Ajai Shukla  |  On board the INS Shivalik, Mumbai 

If the United States ranks near the bottom amongst India’s defence suppliers, Washington’s penchant for imposing sanctions and restrictions has much to do with it. Now, the US appears to have shot itself in the foot again. The Indian Navy chose to power its indigenously designed, cutting-edge stealth warship, the INS Shivalik, with gas turbines from American company General Electric (GE). But even as the Shivalik readies for sea trials, the US State Department has ordered GE to stop all work on the turbines it has supplied.

Vice Admiral HS Malhi (Retired), chairman and managing director of Mazagon Dock Limited (MDL), which built the Shivalik, has confirmed to Business Standard that GE has received instructions to stop operationalising (making ready for operations) the two new LM 2500 gas turbines that it supplied for the Shivalik. GE has told MDL that there could be up to three months delay, while the new US administration reviews its military relations with several countries. India is not alone in facing this ban; GE has been told to stop work even with close US allies like the UK and Australia.

MDL has clearly been taken by surprise. Says Admiral Malhi, “It is quite surprising that such a letter has been received from GE. They said the (US) State Department could take up to 3-4 months to re-look at relations with these countries. We don’t have that kind of time; we have to deliver the ship to the navy.”

The Shivalik stealth frigate is powered by four engines, in what is termed a CODOG (COmbined Diesel Or Gas) arrangement. Normal operations are powered by two Pielstick diesel engines, supplied by France. The gas turbines kick in for short bursts during combat, when extra power is needed. They are less fuel-efficient than diesel engines, but provide high performance. This is the first time that US turbines have been installed in an Indian-built frigate.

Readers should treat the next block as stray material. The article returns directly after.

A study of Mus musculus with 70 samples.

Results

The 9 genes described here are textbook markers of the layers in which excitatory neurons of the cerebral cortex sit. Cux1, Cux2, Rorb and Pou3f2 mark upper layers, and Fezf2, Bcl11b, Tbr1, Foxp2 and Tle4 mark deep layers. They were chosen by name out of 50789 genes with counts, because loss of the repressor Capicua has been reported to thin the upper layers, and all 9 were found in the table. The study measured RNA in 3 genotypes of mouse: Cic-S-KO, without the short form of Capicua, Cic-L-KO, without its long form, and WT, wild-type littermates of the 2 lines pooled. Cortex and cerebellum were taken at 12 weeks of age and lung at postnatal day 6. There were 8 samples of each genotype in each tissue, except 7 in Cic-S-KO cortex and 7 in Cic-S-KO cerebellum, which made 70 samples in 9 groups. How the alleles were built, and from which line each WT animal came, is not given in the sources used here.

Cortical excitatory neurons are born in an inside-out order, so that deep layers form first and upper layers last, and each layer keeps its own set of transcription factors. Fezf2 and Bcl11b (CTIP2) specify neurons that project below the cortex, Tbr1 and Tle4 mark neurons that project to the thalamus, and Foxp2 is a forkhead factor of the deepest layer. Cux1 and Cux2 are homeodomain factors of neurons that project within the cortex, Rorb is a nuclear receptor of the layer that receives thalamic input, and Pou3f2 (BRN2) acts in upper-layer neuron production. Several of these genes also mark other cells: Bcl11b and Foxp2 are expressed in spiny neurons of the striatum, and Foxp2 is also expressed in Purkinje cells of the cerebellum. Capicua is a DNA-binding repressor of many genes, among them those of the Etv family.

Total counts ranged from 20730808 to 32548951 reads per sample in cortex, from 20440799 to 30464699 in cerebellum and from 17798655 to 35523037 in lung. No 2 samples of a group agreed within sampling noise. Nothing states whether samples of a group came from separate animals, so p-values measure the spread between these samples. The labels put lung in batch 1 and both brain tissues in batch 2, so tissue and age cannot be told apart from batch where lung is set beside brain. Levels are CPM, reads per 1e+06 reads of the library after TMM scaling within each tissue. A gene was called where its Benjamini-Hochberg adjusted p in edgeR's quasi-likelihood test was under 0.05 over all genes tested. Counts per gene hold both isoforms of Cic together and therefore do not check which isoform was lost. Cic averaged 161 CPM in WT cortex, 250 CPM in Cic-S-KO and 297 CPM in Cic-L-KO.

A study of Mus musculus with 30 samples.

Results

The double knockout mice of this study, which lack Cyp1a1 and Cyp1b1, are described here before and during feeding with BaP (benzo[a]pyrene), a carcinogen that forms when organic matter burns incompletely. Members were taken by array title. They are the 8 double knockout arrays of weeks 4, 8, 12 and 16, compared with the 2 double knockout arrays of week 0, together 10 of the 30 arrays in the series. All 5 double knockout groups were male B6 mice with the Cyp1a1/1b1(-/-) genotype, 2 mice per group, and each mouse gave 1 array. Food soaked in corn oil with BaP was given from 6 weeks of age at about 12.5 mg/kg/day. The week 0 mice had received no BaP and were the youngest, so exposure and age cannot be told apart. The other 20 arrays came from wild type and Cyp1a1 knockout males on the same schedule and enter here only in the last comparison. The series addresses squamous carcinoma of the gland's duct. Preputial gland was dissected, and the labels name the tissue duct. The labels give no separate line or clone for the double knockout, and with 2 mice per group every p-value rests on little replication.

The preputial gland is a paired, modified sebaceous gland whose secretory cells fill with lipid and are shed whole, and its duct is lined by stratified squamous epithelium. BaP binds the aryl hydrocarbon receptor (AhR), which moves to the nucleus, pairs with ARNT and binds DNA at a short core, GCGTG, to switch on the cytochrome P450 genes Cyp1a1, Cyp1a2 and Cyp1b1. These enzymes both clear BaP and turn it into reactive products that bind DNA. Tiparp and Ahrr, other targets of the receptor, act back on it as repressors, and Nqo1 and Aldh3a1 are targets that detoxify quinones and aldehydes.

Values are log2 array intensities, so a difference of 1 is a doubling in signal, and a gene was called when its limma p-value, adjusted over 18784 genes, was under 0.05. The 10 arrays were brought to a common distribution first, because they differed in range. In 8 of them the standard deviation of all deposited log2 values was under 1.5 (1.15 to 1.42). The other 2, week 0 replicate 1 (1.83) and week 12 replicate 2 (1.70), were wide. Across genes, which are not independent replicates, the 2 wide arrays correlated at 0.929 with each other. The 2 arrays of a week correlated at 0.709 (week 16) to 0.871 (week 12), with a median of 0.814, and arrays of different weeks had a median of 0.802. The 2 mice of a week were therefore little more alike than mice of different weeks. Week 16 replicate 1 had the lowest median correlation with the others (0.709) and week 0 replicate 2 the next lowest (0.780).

MDL is now exploring whether it can use another GE subsidiary to operationalise the Shivalik’s turbines, without invalidating GE’s warranty. According to Admiral Malhi, “If GE allows us to use one of its licensees, the delay can be cut down to a month. GE is not averse to that, as long as no American person is involved in the work.”

GE has not responded to an email, asking for details of this delay. The US State Department has also ignored a request for information. A spokesperson of the US Embassy in New Delhi has sidestepped the question, replying by email that, “The State Department has not instructed GE in the conduct of this direct commercial sale. Aspects of this sale were subject to export licensing, which is conducted through the State Department.” 

When asked to comment specifically on blanket orders from the State Department to GE regarding commercial defence dealings with India, the US Embassy did not respond.

Recent Indian frigates were powered by Russian turbines. But GE’s LM 2500 gas turbines were chosen for three Project 17 frigates (of which INS Shivalik is the first) because of their better reliability. More than one thousand LM 2500 turbines power more than 400 warships in 30 navies across the world. In addition, the LM 2500 is used for power generation in luxury cruise liners like the QE II.

US defence industry sources indicate that GE is upset by the State Department’s directives, which clearly damage GE’s commercial interests. The ban, suggest sources, was imposed by an “over-enthusiastic State Department bureaucrat”, keen to display that the Obama administration was on the ball from the beginning. But in India, the ban is already generating talk of an unwise choice in going for a US engine.